What is “zero rating?”

Zero rating is a big buzzword right now. It started off innocently enough but it’s now being used in ways it was never intended. Some are calling it a threat to net neutrality and some are calling it a fair way for service providers to survive. It could be the next big telecommunications fight depending on who wins the White House (remember, the FCC commissioners are appointed by the Executive branch.)

The idea is simple – a cell data provider normally charges by the gigabyte for data. Obviously there’s going to be some stuff that they don’t want to charge for. The idea started with text messaging, where the carrier wanted to send you information but didn’t want to charge you for the text. (Remember when you paid for texts?) This made sense, because why would you want the cell company to charge you for the text saying your bill just posted?

So the real core of it is, if the carrier itself is sending data to your phone, they have the right not to charge for it.

Except, now it’s being used in ways it wasn’t intended. Verizon and T-Mobile both use zero rating for their video services and it’s pretty likely that AT&T will do the same. The rules allow for it, but net neutrality supporters say it isn’t fair. They say that if you can get video from Verizon for free and the very same video from Discovery.com is not free, that’s not fair and neutral. It creates an unfair advantage and Verizon could force Discovery to pay to put their videos on Verizon’s video service. And that would be the end of net neutrality, at least on wireless devices.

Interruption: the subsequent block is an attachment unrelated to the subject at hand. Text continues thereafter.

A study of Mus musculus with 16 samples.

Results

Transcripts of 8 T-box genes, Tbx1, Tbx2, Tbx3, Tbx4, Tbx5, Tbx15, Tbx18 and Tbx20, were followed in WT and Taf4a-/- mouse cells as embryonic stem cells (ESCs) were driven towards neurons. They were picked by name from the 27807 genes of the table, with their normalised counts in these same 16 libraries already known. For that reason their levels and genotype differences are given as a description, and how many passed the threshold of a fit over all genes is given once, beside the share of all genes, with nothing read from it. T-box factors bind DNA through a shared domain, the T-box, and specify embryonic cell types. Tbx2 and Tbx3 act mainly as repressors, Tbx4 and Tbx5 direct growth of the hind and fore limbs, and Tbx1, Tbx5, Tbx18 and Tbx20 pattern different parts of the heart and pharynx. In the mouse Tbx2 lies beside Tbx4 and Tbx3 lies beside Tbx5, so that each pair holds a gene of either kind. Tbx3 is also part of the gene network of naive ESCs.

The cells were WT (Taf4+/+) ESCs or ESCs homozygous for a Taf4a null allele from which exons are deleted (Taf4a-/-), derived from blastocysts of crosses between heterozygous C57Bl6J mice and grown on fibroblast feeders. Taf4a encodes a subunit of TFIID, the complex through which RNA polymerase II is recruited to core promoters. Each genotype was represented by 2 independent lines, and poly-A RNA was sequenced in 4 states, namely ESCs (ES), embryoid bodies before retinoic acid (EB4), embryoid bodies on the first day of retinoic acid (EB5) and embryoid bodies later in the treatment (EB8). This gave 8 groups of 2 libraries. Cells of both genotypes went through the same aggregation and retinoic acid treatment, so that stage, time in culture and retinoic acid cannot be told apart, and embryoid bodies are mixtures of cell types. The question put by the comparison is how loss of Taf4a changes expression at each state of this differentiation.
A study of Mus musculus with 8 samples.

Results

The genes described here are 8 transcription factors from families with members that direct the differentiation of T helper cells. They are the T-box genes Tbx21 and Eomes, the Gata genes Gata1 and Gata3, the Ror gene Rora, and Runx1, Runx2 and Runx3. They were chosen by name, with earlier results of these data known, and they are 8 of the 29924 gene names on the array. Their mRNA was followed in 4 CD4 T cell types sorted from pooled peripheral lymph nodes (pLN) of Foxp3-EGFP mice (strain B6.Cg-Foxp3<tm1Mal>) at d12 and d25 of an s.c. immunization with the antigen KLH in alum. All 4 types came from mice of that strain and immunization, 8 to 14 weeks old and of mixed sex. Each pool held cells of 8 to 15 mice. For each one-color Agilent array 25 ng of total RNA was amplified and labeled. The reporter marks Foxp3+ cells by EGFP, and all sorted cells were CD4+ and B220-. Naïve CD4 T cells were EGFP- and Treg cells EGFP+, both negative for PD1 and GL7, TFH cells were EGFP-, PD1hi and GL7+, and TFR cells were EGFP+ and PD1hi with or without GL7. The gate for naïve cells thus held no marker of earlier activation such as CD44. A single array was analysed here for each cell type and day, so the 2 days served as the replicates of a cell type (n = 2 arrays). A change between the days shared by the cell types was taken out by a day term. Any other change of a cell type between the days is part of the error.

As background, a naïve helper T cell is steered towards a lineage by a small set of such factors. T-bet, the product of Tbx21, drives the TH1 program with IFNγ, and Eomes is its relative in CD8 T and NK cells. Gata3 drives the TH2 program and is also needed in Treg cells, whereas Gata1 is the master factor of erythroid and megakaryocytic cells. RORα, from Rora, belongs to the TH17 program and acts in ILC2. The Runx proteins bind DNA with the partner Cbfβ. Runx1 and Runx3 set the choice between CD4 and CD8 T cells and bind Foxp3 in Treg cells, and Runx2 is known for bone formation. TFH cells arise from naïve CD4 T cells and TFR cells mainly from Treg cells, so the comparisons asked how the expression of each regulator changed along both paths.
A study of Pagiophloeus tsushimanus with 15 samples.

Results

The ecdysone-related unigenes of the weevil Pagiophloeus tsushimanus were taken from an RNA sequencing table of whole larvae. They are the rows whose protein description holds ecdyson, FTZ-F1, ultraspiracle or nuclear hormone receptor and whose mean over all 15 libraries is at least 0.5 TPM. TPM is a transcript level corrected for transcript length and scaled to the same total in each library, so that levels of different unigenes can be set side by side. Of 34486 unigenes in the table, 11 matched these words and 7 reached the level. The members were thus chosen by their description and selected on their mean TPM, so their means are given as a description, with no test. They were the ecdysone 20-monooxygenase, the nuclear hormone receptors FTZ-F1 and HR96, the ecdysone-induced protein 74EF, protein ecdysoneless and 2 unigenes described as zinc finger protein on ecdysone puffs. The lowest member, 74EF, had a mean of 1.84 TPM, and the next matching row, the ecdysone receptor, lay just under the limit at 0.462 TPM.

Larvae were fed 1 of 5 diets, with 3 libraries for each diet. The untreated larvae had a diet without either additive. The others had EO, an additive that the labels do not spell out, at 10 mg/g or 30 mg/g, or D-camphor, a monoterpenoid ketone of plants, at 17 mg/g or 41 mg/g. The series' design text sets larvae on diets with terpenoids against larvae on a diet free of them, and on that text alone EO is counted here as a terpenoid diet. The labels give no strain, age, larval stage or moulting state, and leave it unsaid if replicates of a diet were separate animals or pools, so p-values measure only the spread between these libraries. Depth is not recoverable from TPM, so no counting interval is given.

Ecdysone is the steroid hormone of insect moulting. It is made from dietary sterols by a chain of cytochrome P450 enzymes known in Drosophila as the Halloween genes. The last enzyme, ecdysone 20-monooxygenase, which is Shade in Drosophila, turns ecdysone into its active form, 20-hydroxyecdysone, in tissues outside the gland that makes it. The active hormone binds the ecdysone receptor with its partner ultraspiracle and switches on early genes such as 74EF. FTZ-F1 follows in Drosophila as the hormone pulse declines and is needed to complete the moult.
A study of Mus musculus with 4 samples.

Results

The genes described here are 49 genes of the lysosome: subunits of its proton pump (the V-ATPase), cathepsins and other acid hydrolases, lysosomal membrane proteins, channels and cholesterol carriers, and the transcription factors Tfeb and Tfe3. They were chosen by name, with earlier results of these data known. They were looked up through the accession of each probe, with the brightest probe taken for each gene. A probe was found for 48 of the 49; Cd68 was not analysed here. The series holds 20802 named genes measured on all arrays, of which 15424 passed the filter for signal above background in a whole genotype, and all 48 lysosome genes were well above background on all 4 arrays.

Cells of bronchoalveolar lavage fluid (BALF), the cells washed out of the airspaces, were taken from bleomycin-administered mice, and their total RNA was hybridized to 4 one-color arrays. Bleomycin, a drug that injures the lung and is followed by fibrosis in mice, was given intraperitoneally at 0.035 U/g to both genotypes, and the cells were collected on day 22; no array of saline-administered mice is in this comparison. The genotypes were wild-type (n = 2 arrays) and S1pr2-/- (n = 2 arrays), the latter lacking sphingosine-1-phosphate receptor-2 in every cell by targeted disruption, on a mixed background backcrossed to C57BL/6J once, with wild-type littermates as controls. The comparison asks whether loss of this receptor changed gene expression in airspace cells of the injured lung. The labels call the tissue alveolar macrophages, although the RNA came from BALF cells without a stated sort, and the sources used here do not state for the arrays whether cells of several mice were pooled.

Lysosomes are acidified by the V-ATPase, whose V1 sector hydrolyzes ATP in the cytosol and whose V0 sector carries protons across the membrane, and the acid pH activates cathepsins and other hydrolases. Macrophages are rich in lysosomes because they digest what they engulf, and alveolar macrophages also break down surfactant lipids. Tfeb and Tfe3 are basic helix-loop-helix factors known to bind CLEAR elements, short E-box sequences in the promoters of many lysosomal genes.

At least that’s one doomsday scenario. The core of the whole zero rating idea is that you’re not charging customers for something you’re providing. Right now it’s really sketchy whether or not you could take content from a third party directly, for example iTunes, and apply the zero rating to it. Before net neutrality rules came in, T-Mobile was not charging customers for streamed music. Net neutrality rules say you can’t do that. But what if Verizon partnered with Apple to create a pathway where iTunes content could be hosted by Verizon and streamed for free using zero rating rules? This third party hosting is done all the time already.

Believe it or not, China — not the shining example of intellectual property law — says zero rating rules can’t apply because they violate net neutrality. Our FCC says they “might” violate net neutrality. But for the moment zero rating is legal and it’s being used by Verizon for curated video that comes from third parties. AT&T could do the same thing with its new DIRECTV streaming services. Verizon’s Go90 is free, while DIRECTV Mobile won’t be. If DIRECTV mobile doesn’t count against data caps, is that against net neutrality rules?

That’s why I’m glad I’m not on the FCC. They have to figure things like that out.